Cancer is scary. A diagnosis of cancer can be overwhelming.

But Cancer Treatment Centers of America strives to calm and cure patients by guiding them through treatment.

“At CTCA, it’s about treating each patient with compassion, dignity and respect — the way we would want our own loved ones to be treated. We call that approach the Mother Standard of care. It’s the principle upon which CTCA was built,” says Dr. Chevon Rariy.

Dr. Rariy is the director of the Telehealth Program at CTCA and Telehealth is now available at Iroquois Memorial Hospital. IMH and CTCA have joined in a collaboration to bring the latest cancer treatments to patients at Iroquois Memorial.

The collaboration was announced at a mid-March open house at the hospital. The goal is “to provide access to expert cancer care in your local community,” according to Dr. Rariy, an endocrinologist.

A key part of the program will use Telehealth, which involves a secure system, including a TV monitor and camera, allowing for access to top-quality specialized clinical care close to the patient’s physical home in Iroquois County, while getting help and information from the CTCA physician.

Don Williams, the CEO of Iroquois Memorial, said at the open house that the collaboration with Cancer Treatment Centers of America was “a first step” in “rebuilding the brand of Iroquois Memorial Hospital.”

Williams added that the Auxiliary for Iroquois Memorial Hospital, a volunteer organization of both men and women, made a donation to pay for the Telehealth technology at Iroquois Memorial.

The same donation also paid for the first year of the necessary electronic connection. Active since 1949, the auxiliary has donated $850,000 to the hospital over the years.

Under the coordinated care program, the patient makes their first visit a clinician at Iroquois Memorial. If they were referred to IMH from another provider, they still remain under the care of their referring physician with the addition of the IMH clinician facilitating their cancer care. Their X-rays, records and lab work are sent to the Cancer Treatment Centers of America. The patient then heads to the CTCA Hospital in Zion for or a face-to-face visit. CTCA operates a hospital in Zion, as well as outpatient facilities in Gurnee and the downtown Chicago.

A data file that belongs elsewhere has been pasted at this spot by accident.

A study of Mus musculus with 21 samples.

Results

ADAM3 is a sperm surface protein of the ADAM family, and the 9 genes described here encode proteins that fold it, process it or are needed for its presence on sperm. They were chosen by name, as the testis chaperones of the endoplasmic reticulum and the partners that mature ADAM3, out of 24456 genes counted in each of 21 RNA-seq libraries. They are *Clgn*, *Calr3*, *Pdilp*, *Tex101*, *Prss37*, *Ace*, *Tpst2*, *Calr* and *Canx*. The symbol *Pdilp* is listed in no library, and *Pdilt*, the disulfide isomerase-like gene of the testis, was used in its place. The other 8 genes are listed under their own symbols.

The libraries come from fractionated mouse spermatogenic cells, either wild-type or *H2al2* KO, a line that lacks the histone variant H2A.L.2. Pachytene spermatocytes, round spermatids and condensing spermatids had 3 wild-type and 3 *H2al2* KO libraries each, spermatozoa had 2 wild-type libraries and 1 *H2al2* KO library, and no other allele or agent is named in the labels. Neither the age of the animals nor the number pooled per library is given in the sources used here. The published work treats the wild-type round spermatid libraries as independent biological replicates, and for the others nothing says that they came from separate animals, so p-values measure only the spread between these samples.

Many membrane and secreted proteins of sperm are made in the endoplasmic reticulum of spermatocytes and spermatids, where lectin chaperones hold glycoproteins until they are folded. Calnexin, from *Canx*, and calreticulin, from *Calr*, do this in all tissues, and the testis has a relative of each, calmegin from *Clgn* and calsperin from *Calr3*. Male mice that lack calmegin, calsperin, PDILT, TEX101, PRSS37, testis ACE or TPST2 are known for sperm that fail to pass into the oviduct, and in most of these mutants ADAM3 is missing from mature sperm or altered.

Once a treatment plan is worked out, the patient returns to their hometown. They would visit Iroquois Memorial for their chemotherapy infusions and check-in through Telehealth. Telehealth, Dr. Rariy, explained, can be done through a videoconferencing tool in the provider’s office.

The initial thought was that the link would only be done in a medical setting, but in the new COVID world, there may be other options that could be explored, which support social distancing and quarantining during the pandemic.

Dr. Rariy said there are tremendous benefits to remaining near your home while undergoing treatment. There is less time off work, less time spent in transportation and less stress.

Most chemotherapy cycles vary from two to six weeks, taking between three to six hours per infusion. And a cycle may contain one or more than one dose given weekly or daily.

It is also a big benefit to patients to be closer to their “support system, closer to family.”

The collaboration provides Iroquois Memorial patients with access to CTCA Chicago experts in the fields of medical oncology (the latest research); radiation oncology; surgical oncology; and hematologic (blood) oncology. There will be increased access to genetic and genomic testing, determining any hereditary aspects to the cancer. Finally, there is precision cancer treatment, a high-tech look for the most effective and least toxic treatment.

The idea for the collaboration came about when representatives of Cancer Treatment Centers of American and Iroquois Memorial were both attending a meeting of the Rural Health Association.

The new coordinated care program is being put together by Michelle Fairley, a registered nurse, who is the Vice President of Customer Care and Chief Nursing Officer at IMH; Dr. Rariy; Bruce Gershenhorn, DO, medical oncologist and Director of the Lung Cancer Center for CTCA; and Eugene Ahn, MD, medical oncologist and Medical Director of Clinical research for CTCA.

Dr. Rariy said the collaboration was a way of bringing new benefits, clinical trials and best practices to patients.

“Patients in rural locations often have difficulty accessing comprehensive care and treatment options,” said Dr. Gershenhorn in a prepared statement. “Thanks in large part to telehealth, which brings the patient/doctor relationship close to home, this will no longer be the case for patients in central Illinois and west central Indiana.”

Dr. Rariy anticipates that the link will work with existing staff at Iroquois Memorial. She anticipates CTCA physicians visiting Iroquois Memorial, both to work with the staff and provide training on new techniques; and to provide educational seminars to the public on various aspects of cancer.

She says that, in general, agricultural and rural areas often have higher death rates in breast cancer, cervical cancer, lung cancer and colon cancer. That is often because there is less access to screenings that can spot problems in early stages.

Michelle Fairley of Iroquois Memorial said doctors Rodney Alford and Olatunji Akintilo are the facilitating providers at Iroquois Memorial. They will be the physicians seeing the patients first and then helping guide them through the program.